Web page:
Downing Street has insisted it will not comment on “speculation” following reports that Boris Johnson’s former aide, Dominic Cummings, is being blamed for leaking the Prime Minister’s text messages.
An internal inquiry has been launched into how messages between the Prime Minister and billionaire Sir James Dyson were leaked to journalists, amid an ongoing row over lobbying in Whitehall.
Reports said Downing Street sources are pointing the finger at Mr Cummings, who quit as the Prime Minister’s senior adviser last year following a behind-the-scenes power struggle in No 10.
Repeatedly quizzed about the reports during a Westminster briefing, a No 10 spokesman told reporters: “We have instructed the Cabinet Office to look into the Dyson leak.
“I am not going to comment on speculation and, of course, it is for the Cabinet Office to take that work forward, I am not going to pre-empt it.”
The Times, Daily Telegraph and Sun all reported comments from an insider naming former aide Mr Cummings, who is yet to respond to the accusations.
“Dominic is engaged in systematic leaking,” a source told The Times.
“We are disappointed about that.
“We are concerned about messages from private WhatsApp groups which have very limited circulation.”
Labour leader Sir Keir Starmer criticised the “quarrelling” when asked about the reports during a campaign visit to Hartlepool.
“Now we’re getting arguments and quarrelling at the centre of government about who is leaking information about privileged access,” he told reporters.
“Boris Johnson is desperate to try to put this at arm’s length, but it’s obvious that he can’t. This is government by WhatsApp, they’re all at it.”
Mr Johnson promised Sir James he would “fix” a tax issue for Dyson staff working to develop ventilators at the height of the coronavirus crisis last year, in text messages obtained by the BBC.
The leak of the texts to the entrepreneur was not the first time the Prime Minister’s messages have been made public.
Mr Johnson was sent a text message by Saudi Crown Prince Mohammed bin Salman as a bid to buy Newcastle United FC ran into difficulties last June.
A No 10 source told The Sun that Mr Johnson “fears Dom was responsible for the text message leaks about James Dyson and Mohammed bin Salman”.
The former Vote Leave mastermind worked closely with Mr Johnson on the Brexit campaign and was a major figure in No 10 after the Prime Minister took office.
Mr Johnson stood by him after Mr Cummings found himself in the eye of a media storm after driving his family to County Durham during the coronavirus lockdown.
But Mr Cummings was subsequently ousted from Downing Street amid the fallout from an internal power struggle with the Prime Minister’s fiancee, Carrie Symonds.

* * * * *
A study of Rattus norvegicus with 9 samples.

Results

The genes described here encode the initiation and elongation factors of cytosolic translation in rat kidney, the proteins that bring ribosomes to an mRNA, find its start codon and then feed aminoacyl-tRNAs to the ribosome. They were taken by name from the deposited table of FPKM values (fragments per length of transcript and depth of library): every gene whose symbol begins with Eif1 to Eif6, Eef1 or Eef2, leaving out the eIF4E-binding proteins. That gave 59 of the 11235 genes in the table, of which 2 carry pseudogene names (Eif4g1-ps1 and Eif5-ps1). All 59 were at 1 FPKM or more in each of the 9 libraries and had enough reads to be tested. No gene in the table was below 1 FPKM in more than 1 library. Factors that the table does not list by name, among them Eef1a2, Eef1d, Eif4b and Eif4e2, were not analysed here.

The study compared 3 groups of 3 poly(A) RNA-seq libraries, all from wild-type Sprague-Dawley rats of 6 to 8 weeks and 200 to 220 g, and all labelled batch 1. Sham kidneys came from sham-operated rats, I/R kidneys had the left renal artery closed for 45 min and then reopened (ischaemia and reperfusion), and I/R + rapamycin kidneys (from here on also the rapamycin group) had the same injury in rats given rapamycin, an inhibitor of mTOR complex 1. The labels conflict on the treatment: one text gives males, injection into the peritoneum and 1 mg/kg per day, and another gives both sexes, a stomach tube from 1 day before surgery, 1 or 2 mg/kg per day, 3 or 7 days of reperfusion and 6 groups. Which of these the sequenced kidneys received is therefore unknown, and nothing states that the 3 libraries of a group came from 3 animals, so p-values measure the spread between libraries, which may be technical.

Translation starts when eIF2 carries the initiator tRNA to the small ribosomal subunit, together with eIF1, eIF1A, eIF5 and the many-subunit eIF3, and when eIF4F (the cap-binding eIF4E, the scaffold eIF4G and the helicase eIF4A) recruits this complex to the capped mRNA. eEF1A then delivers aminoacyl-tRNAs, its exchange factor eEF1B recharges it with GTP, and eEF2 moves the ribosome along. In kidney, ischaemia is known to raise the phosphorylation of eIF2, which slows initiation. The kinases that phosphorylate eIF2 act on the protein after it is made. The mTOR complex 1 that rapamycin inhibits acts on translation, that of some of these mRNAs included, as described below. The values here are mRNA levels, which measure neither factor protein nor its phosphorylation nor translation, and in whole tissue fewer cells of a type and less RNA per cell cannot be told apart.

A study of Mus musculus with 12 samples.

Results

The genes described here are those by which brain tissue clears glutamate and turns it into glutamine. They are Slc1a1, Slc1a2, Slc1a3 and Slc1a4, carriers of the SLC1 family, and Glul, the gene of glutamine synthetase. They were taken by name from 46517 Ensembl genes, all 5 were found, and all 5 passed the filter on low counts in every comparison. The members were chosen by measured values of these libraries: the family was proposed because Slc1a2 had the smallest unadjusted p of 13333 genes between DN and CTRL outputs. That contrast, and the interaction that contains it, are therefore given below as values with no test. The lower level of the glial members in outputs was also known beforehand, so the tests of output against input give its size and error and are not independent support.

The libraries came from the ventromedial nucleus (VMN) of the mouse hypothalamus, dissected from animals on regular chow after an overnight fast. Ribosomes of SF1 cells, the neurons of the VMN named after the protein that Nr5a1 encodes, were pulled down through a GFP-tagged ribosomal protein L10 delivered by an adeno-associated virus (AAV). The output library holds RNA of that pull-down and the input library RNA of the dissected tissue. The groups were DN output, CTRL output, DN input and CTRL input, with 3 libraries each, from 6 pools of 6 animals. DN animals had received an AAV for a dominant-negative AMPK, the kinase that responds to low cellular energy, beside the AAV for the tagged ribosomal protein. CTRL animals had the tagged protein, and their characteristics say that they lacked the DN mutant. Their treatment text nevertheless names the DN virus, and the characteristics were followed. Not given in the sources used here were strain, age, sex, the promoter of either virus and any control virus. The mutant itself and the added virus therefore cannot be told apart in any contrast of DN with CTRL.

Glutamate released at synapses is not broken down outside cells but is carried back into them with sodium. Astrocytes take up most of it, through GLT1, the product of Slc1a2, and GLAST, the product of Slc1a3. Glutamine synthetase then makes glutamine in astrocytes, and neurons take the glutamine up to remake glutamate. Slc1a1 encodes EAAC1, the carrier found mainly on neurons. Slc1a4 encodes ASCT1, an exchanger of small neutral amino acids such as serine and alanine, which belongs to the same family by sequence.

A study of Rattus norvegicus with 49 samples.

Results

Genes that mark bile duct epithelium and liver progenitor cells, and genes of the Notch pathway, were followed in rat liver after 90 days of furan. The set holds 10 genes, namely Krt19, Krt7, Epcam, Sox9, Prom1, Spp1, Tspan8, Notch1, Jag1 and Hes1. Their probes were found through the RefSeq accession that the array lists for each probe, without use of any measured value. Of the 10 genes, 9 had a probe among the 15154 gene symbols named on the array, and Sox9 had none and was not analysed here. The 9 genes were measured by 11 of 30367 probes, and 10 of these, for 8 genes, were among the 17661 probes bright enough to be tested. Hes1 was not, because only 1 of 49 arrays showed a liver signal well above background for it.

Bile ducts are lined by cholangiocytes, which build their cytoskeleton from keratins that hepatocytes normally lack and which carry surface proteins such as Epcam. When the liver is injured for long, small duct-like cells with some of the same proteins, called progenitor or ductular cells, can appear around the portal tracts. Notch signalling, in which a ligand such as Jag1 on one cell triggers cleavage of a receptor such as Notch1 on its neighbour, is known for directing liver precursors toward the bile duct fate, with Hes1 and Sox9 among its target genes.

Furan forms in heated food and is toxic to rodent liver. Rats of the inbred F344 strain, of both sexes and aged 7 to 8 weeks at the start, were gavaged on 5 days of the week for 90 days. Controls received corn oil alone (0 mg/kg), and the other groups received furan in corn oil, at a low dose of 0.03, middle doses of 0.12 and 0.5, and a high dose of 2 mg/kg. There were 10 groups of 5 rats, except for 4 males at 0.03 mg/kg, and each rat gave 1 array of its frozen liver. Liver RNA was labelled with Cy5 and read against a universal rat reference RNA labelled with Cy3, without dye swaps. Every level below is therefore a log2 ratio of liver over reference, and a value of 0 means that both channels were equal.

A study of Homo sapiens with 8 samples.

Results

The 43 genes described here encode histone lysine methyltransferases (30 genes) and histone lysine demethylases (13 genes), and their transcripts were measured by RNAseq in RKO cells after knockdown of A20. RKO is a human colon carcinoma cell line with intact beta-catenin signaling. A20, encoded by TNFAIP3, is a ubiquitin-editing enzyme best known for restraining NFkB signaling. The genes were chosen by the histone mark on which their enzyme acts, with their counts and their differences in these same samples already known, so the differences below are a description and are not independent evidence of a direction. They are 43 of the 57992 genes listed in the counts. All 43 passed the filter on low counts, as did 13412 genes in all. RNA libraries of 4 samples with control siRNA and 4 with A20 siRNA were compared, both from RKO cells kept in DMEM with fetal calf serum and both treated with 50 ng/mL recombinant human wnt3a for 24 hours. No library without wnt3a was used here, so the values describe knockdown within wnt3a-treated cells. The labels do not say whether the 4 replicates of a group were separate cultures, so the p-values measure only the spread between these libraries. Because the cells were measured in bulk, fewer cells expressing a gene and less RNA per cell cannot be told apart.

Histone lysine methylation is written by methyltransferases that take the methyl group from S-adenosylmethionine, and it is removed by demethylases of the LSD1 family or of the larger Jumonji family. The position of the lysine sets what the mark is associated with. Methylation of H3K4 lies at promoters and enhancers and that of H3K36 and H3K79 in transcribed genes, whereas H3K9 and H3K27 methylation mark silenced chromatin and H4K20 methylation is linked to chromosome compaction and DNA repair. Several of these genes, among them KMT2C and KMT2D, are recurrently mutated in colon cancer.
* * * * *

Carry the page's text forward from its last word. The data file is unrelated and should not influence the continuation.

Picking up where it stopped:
No 10 had initially said there would not be a probe into how the exchange with Sir James was made public, but a change of course was announced on Thursday as it said an internal inquiry will be led by the Cabinet Office.
Mr Johnson told the Commons during Prime Minister’s Questions earlier this week that he was “happy to share all the details” of the exchanges as there is “nothing to conceal”.
“I make absolutely no apology at all for shifting heaven and earth and doing everything I possibly could, as I think any prime minister would in those circumstances, to secure ventilators for the people of this country,” he added.
The BBC reported that the messages between Mr Johnson and Sir James were exchanged in March last year after the businessman was unable to get the assurances he was seeking from the Treasury.
Sir James, who has changed his main address in business filings to the UK from Singapore, wrote to the Treasury requesting that his staff would not have to pay additional tax if they came to the UK to work on the ventilator project.
But when he failed to receive a reply, Sir James reportedly took up the matter directly with the Prime Minister.
He said in a text that the firm was ready but that “sadly” it seemed no-one wanted them to proceed, to which Mr Johnson replied: “I will fix it tomo! We need you. It looks fantastic.”
The Prime Minister then texted him again saying: “(Chancellor) Rishi (Sunak) says it is fixed!! We need you here.”
Two weeks later, Mr Sunak told the Commons Treasury Committee that the tax status of people who came to the UK to provide specific help during the pandemic would not be affected.